Skin Cancer - Description

The outer layer of the skin (the epidermis) contains three kinds of cells. Most of those cells are squamous cells. Cells near the bottom of the epidermis are called basal cells. And cells that provide pigment (color) to the skin are known as melanocytes (pronounced MELL-uh-no-sites).

Each type of cell can become cancerous. The three types of skin cancers, therefore, are squamous cell cancer, basal cell cancer, and malignant melanoma (cancer of the melanocytes). Malignant melanoma is by far the most serious form of skin cancer.

Other forms of skin cancer occur, but they are quite rare. The most serious of these is Kaposi's sarcoma (see Kaposi's sarcoma entry). At one time, Kaposi's sarcoma was very rare. It occurred primarily in older men of Mediterranean ancestry. It now occurs commonly in individuals with AIDS (see AIDS entry).

Exposure to sunlight is thought to be the major cause of skin cancers. About eight hundred thousand cases of squamous and basal cell cancers alone are diagnosed each year in the United States. The risk for skin cancers increases the closer one lives to the equator.

All forms of skin cancer begin with a single cell. For reasons that are usually not known, the cell begins to grow very rapidly. Its growth is soon out of control. It divides into two new cells, which continue growing wildly. Eventually the cancerous cells spread through a larger area. They can also begin to grow downward towards inner layers of the skin.

Malignant Melanoma

Malignant melanoma is the least common type of skin cancer. It is also the most aggressive. It spreads to surrounding tissues very quickly. It also invades other parts of the body, especially the lungs and liver.

Melanomas are probably caused by exposure to the sun. But they are also caused by genetic factors. A person is more likely to develop a melanoma if someone else in his or her family has also had the disorder.

Melanomas can occur anywhere on the body. Among Caucasians, they appear most often on the head, neck, arms, legs, and trunk of the body. Among African Americans, they occur primarily on the palms of the hands and the soles of the feet.

Basal Cell Cancer

Basal cell cancer is the most common form of skin cancer. It accounts for about 75 percent of all skin cancers. Light-skinned people are more likely to get the disease than are dark-skinned people. It usually appears after the age of thirty. Basal cell cancers grow very slowly, making them easier to treat than melanomas.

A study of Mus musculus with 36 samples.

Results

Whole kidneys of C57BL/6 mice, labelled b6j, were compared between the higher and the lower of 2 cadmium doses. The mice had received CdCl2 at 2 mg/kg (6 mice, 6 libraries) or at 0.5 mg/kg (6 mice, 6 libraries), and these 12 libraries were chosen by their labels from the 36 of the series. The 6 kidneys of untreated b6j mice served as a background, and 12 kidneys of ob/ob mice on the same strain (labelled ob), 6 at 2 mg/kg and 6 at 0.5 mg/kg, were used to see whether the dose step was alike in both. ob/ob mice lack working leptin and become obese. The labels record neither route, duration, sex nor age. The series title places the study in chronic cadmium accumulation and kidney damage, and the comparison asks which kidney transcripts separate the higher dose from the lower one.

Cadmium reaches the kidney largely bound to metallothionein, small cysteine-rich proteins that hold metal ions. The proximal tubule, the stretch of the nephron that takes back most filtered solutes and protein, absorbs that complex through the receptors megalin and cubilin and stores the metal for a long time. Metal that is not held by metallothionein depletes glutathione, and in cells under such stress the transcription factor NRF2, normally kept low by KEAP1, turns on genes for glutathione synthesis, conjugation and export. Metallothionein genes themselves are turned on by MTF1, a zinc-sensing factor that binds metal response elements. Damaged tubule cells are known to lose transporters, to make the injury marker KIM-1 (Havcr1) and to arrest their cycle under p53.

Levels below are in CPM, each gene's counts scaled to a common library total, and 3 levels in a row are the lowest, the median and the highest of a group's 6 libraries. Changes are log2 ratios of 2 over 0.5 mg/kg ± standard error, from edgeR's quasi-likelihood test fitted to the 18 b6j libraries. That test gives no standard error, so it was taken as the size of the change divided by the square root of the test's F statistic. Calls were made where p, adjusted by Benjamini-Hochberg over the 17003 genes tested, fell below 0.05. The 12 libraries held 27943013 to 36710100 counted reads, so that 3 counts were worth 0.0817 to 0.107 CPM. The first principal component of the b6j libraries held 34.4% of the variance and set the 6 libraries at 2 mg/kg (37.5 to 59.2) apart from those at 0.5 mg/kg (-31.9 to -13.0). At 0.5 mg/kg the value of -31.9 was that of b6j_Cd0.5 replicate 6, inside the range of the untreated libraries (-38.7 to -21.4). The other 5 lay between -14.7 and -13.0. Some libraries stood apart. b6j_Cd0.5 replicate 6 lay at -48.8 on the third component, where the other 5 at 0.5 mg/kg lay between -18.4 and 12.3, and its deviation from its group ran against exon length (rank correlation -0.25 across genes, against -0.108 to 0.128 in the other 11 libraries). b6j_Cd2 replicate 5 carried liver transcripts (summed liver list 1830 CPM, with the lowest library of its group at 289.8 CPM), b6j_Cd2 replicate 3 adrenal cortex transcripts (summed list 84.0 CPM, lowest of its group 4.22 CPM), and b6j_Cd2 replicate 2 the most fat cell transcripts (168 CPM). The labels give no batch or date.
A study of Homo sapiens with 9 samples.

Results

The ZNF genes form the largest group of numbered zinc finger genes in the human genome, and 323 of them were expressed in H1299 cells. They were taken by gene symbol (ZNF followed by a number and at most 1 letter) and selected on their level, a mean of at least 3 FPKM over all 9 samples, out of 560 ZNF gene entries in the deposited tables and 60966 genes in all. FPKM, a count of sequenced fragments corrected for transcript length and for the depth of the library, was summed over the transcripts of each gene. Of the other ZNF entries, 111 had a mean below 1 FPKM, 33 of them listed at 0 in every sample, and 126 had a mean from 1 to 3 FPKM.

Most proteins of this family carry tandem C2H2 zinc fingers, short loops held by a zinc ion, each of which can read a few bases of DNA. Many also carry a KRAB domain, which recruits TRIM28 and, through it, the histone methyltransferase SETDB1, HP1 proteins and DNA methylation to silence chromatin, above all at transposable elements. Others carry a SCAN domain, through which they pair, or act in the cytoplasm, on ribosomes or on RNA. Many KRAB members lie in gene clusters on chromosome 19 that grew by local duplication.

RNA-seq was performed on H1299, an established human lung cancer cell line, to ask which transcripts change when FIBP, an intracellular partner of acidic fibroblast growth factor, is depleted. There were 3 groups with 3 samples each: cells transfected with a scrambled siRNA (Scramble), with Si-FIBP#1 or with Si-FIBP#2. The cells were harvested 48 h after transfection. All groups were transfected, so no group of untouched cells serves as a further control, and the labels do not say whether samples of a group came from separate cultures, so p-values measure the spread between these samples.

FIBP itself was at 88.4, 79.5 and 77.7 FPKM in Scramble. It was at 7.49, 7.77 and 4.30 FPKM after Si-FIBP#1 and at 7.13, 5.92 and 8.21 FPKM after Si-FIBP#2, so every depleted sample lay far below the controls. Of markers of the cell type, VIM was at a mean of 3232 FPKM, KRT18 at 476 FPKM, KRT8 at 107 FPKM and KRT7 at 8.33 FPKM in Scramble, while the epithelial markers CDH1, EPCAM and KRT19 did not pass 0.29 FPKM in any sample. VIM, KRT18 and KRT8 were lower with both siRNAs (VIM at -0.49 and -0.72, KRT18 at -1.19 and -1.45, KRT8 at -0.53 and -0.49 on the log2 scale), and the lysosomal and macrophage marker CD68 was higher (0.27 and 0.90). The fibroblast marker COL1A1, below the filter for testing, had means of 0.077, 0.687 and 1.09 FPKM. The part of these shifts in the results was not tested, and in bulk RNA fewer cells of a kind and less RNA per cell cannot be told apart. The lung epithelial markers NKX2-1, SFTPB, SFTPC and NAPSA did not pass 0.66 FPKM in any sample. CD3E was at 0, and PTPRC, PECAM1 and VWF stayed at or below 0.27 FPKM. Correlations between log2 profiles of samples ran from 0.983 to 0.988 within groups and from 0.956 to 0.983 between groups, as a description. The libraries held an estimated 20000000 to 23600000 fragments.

Squamous Cell Cancer

Squamous cell cancer is the second most common type of skin cancer. It grows more quickly than basal cell cancer, but less quickly than a melanoma. It can spread to other parts of the body, especially the lymph nodes. Lymph nodes are small round or oval bodies that are part of the body's immune system. Squamous cell cancer occurs most often on the arms, neck and head. This form of skin cancer is usually not life-threatening. But it can cause serious scarring.

Not dangerous.
Removal of a small piece of tissue for examination under a microscope.
The outer layer of skin.
A change in the structure or appearance of a part of the body as the result of an injury or infection.
Lymph nodes:
Small round or oval bodies within the immune system. Lymph nodes provide materials that fight disease and help remove bacteria and other foreign material from the body.
Threatening to life.
A specialized skin cell that produces melanin, a dark pigment (color) found in skin.

User Contributions:

Comment about this article, ask questions, or add new information about this topic:

The Content is not intended as a substitute for professional medical advice, diagnosis, or treatment. Always seek the advice of your physician or other qualified health provider with any questions you may have regarding a medical condition. Never disregard professional medical advice or delay in seeking it because of Content found on the Website.